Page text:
Rabbinic Reflections

Rabbi James Mirel: 50 Years of Joys and Sorrow Serving the Jewish Community

On July 28, 2006, a deranged antisemitic man with a gun entered the Jewish Federation of Greater Seattle and murdered my congregant and dear friend Pamela Waechter. She was one of a handful of American Jews who have been murdered for being Jewish.  

The Islamic terrorist was found to be sane by the jury and sentenced to life in prison. Pam‘s life was over in a bloody barrage of gunfire. 
At her funeral, our temple was filled with fellow Jews and many government officials and others, well over a thousand people who were still in shock. That was most traumatic and yet most important day in my life as a rabbi, when it fell to my shoulders to bring comfort to her family and to the community. Pam’s memory will stay with me forever. She truly died al kiddush HaShem—for the sanctification of the God and the Jewish people.  
When she converted many years prior, I am sure her rabbi reminded her that historically being a Jew can be a source of personal danger and persecution (as is required in the Talmud), but no one could have imagined that it could lead to her being gunned down in cold blood just for being a Jew or working in a Jewish setting. 
Fifty years of thousands of funerals, weddings, bet mitzvah, and other life cycle events. All meaningful at that moment, most of them forgotten in the details.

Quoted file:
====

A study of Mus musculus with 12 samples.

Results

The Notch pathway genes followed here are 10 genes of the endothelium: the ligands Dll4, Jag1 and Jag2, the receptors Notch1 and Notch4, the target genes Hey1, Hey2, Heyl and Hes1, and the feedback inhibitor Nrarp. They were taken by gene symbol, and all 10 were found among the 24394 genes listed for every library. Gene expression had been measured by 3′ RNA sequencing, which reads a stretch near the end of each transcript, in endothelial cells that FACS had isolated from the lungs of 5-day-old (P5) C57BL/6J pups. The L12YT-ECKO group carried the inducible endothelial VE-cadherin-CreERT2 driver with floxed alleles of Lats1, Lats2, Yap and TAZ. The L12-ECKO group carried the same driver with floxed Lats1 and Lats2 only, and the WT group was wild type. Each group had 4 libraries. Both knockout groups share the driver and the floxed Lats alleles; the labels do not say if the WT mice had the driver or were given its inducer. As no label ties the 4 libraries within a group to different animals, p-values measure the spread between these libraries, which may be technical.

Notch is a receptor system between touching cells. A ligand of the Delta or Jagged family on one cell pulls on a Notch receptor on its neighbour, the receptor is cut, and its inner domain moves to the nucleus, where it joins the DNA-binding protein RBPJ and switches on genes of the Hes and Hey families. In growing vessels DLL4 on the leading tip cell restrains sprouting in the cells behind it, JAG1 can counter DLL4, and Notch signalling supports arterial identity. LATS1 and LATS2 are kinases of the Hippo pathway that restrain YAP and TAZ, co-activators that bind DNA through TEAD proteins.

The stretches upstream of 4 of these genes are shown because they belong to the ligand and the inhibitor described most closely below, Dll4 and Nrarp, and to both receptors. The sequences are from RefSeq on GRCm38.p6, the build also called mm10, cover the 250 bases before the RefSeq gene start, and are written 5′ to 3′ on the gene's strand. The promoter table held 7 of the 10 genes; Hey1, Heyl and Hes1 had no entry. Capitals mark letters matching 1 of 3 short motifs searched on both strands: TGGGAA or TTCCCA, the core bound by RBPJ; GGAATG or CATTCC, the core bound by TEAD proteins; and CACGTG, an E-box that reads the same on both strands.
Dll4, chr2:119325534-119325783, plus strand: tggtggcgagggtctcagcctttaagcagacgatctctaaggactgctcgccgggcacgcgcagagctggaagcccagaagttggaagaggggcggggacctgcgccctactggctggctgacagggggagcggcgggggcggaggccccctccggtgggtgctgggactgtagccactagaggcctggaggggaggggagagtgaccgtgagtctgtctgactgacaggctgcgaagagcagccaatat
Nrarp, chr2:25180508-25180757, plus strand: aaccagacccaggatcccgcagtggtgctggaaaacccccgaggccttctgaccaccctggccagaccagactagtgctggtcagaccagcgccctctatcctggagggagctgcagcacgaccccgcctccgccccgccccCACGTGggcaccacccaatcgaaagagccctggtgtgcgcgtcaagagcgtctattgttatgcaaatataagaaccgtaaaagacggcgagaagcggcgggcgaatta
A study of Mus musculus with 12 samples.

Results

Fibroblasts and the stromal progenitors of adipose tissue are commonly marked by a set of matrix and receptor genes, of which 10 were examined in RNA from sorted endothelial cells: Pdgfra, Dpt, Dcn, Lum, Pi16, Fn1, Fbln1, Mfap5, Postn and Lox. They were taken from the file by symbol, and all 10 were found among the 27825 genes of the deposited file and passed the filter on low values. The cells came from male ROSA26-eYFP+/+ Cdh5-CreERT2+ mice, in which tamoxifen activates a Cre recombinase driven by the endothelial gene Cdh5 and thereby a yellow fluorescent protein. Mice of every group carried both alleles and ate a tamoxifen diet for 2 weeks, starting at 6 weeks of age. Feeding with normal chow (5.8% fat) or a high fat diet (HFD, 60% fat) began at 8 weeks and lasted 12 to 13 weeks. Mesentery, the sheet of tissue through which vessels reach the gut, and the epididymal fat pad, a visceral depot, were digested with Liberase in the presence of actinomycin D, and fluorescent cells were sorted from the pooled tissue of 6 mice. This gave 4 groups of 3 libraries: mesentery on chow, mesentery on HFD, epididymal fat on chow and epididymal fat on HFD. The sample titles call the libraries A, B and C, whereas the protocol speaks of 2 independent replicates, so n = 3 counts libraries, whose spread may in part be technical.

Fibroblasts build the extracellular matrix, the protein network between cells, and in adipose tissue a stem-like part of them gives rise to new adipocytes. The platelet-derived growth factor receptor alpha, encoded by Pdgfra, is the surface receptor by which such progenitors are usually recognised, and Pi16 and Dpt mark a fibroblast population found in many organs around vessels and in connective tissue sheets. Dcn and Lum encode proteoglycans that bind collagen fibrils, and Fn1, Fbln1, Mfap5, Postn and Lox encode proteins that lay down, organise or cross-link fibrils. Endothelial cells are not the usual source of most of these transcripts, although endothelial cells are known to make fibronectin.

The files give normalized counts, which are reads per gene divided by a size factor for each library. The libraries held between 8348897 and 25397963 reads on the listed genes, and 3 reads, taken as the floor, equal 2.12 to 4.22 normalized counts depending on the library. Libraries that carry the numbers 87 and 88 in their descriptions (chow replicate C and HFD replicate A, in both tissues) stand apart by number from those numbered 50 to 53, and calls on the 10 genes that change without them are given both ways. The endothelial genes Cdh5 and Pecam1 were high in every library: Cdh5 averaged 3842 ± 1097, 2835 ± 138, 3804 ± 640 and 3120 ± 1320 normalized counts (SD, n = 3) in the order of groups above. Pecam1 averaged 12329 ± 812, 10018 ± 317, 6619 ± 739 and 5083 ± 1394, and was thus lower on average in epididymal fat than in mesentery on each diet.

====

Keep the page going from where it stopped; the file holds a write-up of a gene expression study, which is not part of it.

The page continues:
But every once in a while, having served in the same community all fifty years—and I pray more to come—someone will see me on the street and say something like, “Rabbi, you really made a big difference in my life.” 
These are the moments in which I know I made the right decision fifty-five years ago when I entered HUC-JIR in Los Angeles with a college degree in philosophy and a hundred dollars in my checking account. What a journey. I have been blessed in so many ways.  

Baruch HaShem.

This year at the CCAR Convention 2024 in Philadelphia, we celebrated all of the CCAR rabbis celebrating 50 years in the rabbinate. We are honored to include Rabbi James Mirel in this year’s 50-year rabbis and ordination class of 1974.

One reply on “Rabbi James Mirel: 50 Years of Joys and Sorrow Serving the Jewish Community”

My old HUC roommate and friend is one of the most consequential people in my life. I would add that I have been fortunate to meet his congregants, Reed College classmates, HUC colleagues, bandmates, relatives and each of them would say the same. I still quote his chapel sermon for Shabbat Zachor. I manage to work his point into my life. “Blot out the memory” & “Don’t forget” a f necessity to find balance especially in face of trauma. Jim Mirel’s teaching and his example has been part of the joy of my rabbinate and in the face of sorrow a reminder to find balance. Yashir Koach to my Chaver. ( the internet claims July 28, 2006 as the date of the terrible event.)